By Ernesto Estévez Rams – May 30, 2021
I have read a Latin American Studies Association 2021 (LASA) statement that singles out Cuba on the basis of a certain “concern” about “the treatment of academics, intellectuals and artists in Cuba.” I want to make clear my personal position on this matter. The treatment received by the vast majority of academics, artists and intellectuals in Cuba is one of support from society and the state, including, in the midst of the crisis caused by the pandemic, not only the rights that all Cubans enjoy to healthcare and first-class medical care, but also a system of economic support and subsidies that allow them, in a situation of drastic economic contraction, to have a minimum and decent economic support that allows them to continue creating, studying, and researching.
The system of publications, specialized media and other forms of socialization that Cuba’s intellectuals enjoys is one of the most complete in Latin America and is not only protected, but promoted, by the Cuban government and state. Moreover, the Cuban government and state are currently promoting a dialogue, at the highest levels, with the Cuban intelligentsia, including its artists, writers, researchers, and scientists, among others, in a collective search for proposed solutions to the country’s problems in all areas. Cuba is being designed on the basis of the inclusion of all those who have something to contribute to its Revolution.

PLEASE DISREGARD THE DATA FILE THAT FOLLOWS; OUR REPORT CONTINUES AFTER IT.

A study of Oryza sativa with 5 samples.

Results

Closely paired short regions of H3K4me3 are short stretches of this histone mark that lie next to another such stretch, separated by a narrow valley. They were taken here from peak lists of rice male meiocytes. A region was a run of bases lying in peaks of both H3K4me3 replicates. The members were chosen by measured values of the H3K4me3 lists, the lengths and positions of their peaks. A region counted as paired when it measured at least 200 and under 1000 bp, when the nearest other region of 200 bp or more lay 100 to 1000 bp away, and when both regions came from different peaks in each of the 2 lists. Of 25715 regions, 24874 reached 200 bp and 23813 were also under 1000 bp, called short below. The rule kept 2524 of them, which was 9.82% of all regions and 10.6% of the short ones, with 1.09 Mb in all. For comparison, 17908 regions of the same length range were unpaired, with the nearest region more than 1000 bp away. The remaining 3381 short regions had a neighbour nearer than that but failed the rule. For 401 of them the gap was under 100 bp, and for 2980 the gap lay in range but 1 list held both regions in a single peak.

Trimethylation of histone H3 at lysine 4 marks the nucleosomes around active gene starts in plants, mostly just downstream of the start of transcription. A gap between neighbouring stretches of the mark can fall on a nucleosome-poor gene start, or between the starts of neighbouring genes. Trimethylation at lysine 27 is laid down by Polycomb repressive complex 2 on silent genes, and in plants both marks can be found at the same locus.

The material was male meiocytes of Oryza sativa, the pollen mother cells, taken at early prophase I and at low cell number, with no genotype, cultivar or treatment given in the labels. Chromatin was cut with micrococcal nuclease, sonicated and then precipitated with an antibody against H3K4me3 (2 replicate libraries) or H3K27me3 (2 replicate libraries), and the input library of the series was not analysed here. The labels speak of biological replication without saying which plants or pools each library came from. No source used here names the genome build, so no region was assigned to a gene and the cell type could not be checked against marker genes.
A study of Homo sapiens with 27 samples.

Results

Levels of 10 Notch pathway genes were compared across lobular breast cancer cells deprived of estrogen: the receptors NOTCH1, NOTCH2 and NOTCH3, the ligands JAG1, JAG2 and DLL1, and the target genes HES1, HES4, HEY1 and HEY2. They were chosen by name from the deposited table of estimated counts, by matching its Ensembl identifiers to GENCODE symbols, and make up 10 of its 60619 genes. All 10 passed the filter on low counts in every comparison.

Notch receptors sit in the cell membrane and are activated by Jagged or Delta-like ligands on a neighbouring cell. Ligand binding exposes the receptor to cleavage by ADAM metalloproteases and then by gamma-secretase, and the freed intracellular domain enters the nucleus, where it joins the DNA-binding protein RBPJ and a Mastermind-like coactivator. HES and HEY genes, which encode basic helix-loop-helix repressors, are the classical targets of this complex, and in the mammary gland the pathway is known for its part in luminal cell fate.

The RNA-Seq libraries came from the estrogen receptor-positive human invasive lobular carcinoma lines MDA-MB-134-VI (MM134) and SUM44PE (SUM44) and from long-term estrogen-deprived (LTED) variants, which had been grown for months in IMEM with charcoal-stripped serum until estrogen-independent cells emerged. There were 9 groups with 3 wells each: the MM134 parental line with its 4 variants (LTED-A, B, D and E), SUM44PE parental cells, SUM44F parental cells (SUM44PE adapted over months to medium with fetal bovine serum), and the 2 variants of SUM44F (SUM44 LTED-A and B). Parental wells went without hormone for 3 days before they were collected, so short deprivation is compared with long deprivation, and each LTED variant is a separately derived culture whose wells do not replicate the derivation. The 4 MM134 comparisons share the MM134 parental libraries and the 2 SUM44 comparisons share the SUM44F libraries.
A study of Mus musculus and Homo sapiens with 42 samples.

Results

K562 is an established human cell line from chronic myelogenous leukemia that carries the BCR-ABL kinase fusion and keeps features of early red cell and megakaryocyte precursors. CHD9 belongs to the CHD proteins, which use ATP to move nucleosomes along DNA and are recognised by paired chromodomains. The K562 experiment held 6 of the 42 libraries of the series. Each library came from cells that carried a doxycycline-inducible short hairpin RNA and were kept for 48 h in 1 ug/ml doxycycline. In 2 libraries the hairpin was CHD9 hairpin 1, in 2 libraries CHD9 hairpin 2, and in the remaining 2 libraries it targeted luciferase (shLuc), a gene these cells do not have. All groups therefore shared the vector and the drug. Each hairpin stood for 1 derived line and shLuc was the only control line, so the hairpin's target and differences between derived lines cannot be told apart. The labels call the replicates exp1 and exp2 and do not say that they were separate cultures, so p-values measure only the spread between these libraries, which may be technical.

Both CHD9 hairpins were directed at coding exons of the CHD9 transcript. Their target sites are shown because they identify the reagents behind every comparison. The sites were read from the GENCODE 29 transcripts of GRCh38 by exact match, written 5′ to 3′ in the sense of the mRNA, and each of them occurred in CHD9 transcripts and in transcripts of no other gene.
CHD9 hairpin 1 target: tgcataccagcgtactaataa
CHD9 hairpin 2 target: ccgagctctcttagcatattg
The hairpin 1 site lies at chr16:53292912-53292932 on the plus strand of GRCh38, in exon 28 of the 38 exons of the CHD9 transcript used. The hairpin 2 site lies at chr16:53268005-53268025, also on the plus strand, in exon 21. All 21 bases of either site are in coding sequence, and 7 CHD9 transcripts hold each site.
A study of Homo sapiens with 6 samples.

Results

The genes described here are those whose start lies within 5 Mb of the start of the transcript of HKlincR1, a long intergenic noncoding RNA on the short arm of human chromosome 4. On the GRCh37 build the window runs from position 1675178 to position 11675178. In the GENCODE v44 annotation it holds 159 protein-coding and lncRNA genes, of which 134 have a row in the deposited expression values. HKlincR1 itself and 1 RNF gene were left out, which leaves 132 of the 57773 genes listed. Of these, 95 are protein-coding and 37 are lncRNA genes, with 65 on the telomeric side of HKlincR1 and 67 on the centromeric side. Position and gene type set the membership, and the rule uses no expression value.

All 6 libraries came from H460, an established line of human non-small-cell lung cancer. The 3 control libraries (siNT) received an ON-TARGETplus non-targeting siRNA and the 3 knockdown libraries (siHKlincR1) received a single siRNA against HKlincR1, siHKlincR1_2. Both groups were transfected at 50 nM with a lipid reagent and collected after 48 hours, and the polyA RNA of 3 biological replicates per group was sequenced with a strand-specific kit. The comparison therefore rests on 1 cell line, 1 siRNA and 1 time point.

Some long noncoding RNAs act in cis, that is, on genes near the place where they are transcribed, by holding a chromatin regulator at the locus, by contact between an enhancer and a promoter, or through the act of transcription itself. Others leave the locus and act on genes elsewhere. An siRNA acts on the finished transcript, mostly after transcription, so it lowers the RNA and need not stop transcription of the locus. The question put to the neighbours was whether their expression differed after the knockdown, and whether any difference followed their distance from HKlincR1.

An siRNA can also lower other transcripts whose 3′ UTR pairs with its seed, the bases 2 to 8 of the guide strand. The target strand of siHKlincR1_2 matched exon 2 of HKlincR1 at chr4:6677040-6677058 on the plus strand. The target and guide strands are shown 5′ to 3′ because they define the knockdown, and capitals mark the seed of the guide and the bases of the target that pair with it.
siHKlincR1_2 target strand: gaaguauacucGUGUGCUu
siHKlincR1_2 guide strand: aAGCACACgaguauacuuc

This dialogue is simply unparalleled in all of Latin America. The generalization of LASA’s statement, I sense, is based on the biased criteria of a few, and referring to specific facts whose nature and complexity they do not take into account, is unjustified. This lack of justification becomes embarrassing if we consider that this same statement, like a fig leaf, made a lukewarm condemnation of the blockade, equating it, in the spirit of its statement, to the alleged violation—assumed to be generalized due to the absence of nuance—of the rights of intellectuals in Cuba. The state terrorism and genocidal nature of the blockade has no place in any text that seeks to use its condemnation as an alibi for other purposes. The condemnation of the blockade must be without “buts,” as a simple act of courage towards human beings, in this case, Cuban human beings. It is also noteworthy that at a time when so many countries across the region are being openly repressed, the declaration singles out Cuba, in addition to a couple of other declarations regarding Colombia and Paraguay. Today, Latin American intellectuals, professionals and students are being repressed and their eyes mutilated in Chile; they are being repressed and murdered in Colombia; they are being forced into self-exile in Brazil; they are unjustly imprisoned in Ecuador; they are repressed and have been forced to flee Honduras. The list is long and endless.
In this context, to single out Cuba with ambiguous and generalizing accusations, in the midst of the world’s protest against the blockade, is to lend oneself to Yankee imperialism’s make-believe narrative against Cuba, which constantly tries to find arguments to justify its genocidal policy. I invite the intellectuals and good people of Latin America to speak out against this statement, which I must label as—at the very least—cowardly.